Among the many cool opportunities I had this week at NAB 2011 (btw, if you don’t know what NAB is, it is the largest convention of video professionals in the world), was a chance to meet the one and only Philip Bloom (basically we DSLR filmmakers worship the ground he walks on, see my previous post where I attempt to explain the Philip Bloom effect). Immediately when I walked up to Philip, he recognized me, and without looking at my NAB badge, said “Hi Daniel.” Wow! Talk about a photographic memory. For someone who has over 25,000 followers on Twitter, it’s pretty impressive for him to remember by name someone he’s only met online.
Apart from being in awe at his memory and how down to earth he was, I also had the opportunity to pick Mr. Bloom’s brain whilst being being streamed live to viewers all over the world on Teradek’s web site at a Q & A with Philip Bloom. (One of the Teradek people told me that I could view it in the archives on their site, but I haven’t had any luck finding it yet. If you do, let me know!)
The question I asked him was “What features would you like to see in the Canon 5D Mark 3?” He came back right away with two features he would love to see in the next iteration of the camera that started it all.
1. No line-skipping.
2. Clean, full HDMI out.
So there you have it.
I agree with Philip–if the only new features implemented in the 5D3 were these two, I’d buy it in a heartbeat. Why? Line-skipping is one of those things that drives me crazy. Although on a lot of shots, it may not be as noticeable, it’s impossible for it not to be affecting the image somehow. But on shots that it is noticeable, for me it’s the visual equivalent of someone scratching their fingernails across a chalkboard. On my 30 minute documentary, Salt to Saint (about a 410-mile, 24 hour bike race), there were a couple of shots where the lines on the street got pretty crunchy. (The trailer for my film is here, although none of the shots in the trailer are the ones I’m referring to.) Basically any shot with straight, diagonal lines can end up looking pretty whacky.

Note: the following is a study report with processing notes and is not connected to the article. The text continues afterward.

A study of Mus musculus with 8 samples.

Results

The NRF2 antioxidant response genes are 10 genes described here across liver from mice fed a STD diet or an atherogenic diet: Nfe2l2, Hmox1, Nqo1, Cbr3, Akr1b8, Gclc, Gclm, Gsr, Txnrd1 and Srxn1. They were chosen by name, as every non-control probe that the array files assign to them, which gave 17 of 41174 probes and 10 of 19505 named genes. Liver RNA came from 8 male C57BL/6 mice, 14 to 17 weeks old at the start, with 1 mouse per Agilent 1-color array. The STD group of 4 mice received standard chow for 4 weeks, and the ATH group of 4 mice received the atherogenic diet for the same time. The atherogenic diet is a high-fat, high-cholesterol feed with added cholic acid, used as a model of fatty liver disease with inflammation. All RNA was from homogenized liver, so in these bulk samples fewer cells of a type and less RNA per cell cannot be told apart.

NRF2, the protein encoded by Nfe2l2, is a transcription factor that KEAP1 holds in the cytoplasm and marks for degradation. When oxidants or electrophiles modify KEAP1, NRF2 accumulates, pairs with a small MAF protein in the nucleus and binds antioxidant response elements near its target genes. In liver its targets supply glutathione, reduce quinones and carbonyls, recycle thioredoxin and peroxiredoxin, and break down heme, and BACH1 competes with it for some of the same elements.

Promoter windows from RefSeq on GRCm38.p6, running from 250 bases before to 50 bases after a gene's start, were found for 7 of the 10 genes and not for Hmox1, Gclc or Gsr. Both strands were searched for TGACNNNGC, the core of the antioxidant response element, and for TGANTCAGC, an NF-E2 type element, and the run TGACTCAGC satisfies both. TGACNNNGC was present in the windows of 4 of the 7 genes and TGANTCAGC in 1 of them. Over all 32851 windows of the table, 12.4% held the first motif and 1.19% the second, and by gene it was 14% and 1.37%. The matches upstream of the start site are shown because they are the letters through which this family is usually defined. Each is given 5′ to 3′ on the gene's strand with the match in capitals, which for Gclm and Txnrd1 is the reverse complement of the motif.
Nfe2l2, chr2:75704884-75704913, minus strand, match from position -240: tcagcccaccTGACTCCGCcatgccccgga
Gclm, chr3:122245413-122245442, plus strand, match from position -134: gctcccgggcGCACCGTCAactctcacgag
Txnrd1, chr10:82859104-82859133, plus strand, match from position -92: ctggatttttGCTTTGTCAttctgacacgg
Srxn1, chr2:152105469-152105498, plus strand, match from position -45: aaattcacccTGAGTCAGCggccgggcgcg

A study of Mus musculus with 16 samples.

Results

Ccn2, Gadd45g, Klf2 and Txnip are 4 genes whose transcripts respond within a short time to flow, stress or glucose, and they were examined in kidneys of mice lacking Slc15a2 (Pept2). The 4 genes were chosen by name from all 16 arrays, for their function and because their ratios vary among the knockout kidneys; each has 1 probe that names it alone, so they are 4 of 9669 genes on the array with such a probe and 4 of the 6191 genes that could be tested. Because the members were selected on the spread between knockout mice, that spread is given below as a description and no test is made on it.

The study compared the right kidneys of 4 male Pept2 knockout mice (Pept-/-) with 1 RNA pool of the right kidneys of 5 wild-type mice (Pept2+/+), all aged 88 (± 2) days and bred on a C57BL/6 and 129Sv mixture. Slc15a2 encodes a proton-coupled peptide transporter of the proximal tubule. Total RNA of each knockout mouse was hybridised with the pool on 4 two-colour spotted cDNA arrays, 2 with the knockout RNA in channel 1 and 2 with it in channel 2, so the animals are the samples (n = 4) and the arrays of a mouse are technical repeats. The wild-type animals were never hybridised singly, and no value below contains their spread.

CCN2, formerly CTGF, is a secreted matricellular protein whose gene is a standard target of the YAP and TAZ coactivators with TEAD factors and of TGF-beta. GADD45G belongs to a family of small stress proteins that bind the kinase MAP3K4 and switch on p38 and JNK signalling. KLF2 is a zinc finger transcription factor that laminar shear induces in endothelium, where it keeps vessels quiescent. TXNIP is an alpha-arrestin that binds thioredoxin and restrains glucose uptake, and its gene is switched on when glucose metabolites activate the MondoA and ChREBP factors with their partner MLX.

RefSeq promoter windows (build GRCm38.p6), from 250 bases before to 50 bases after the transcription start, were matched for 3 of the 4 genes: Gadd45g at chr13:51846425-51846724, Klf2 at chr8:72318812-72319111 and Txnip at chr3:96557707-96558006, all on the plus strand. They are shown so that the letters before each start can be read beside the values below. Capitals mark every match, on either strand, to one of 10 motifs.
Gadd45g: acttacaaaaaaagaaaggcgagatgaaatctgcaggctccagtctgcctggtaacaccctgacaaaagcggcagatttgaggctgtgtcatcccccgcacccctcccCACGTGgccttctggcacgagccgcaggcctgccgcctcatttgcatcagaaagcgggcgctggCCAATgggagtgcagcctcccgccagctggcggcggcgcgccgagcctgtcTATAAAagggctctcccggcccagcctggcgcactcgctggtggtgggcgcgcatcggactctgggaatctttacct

And as for clean HDMI-out, if this feature does come to fruition, it means that we filmmakers can hook the camera up to a Ki-PRO and basically have the equivalent of what photographers have with RAW images. In other words, we can get a clean, uncompressed (well, for the most part…it would still probably be 4:2:2 but that is WAY better than what we have now with the H.264 compressed video files). This makes for a really good image to work with in post. When I started using RAW in my still photography years ago, I was blown away by how much of a difference it makes over shooting JPEG. So having clean 1080P HDMI out would do the same for video. This would be an enormous boon to me, as I am a perfectionist when it comes to image quality and the “look” of a film.
So yes, Canon, please give us these two Philip Bloom-condoned features, and usher in a new era of DSLR filmmaking taken to the next level.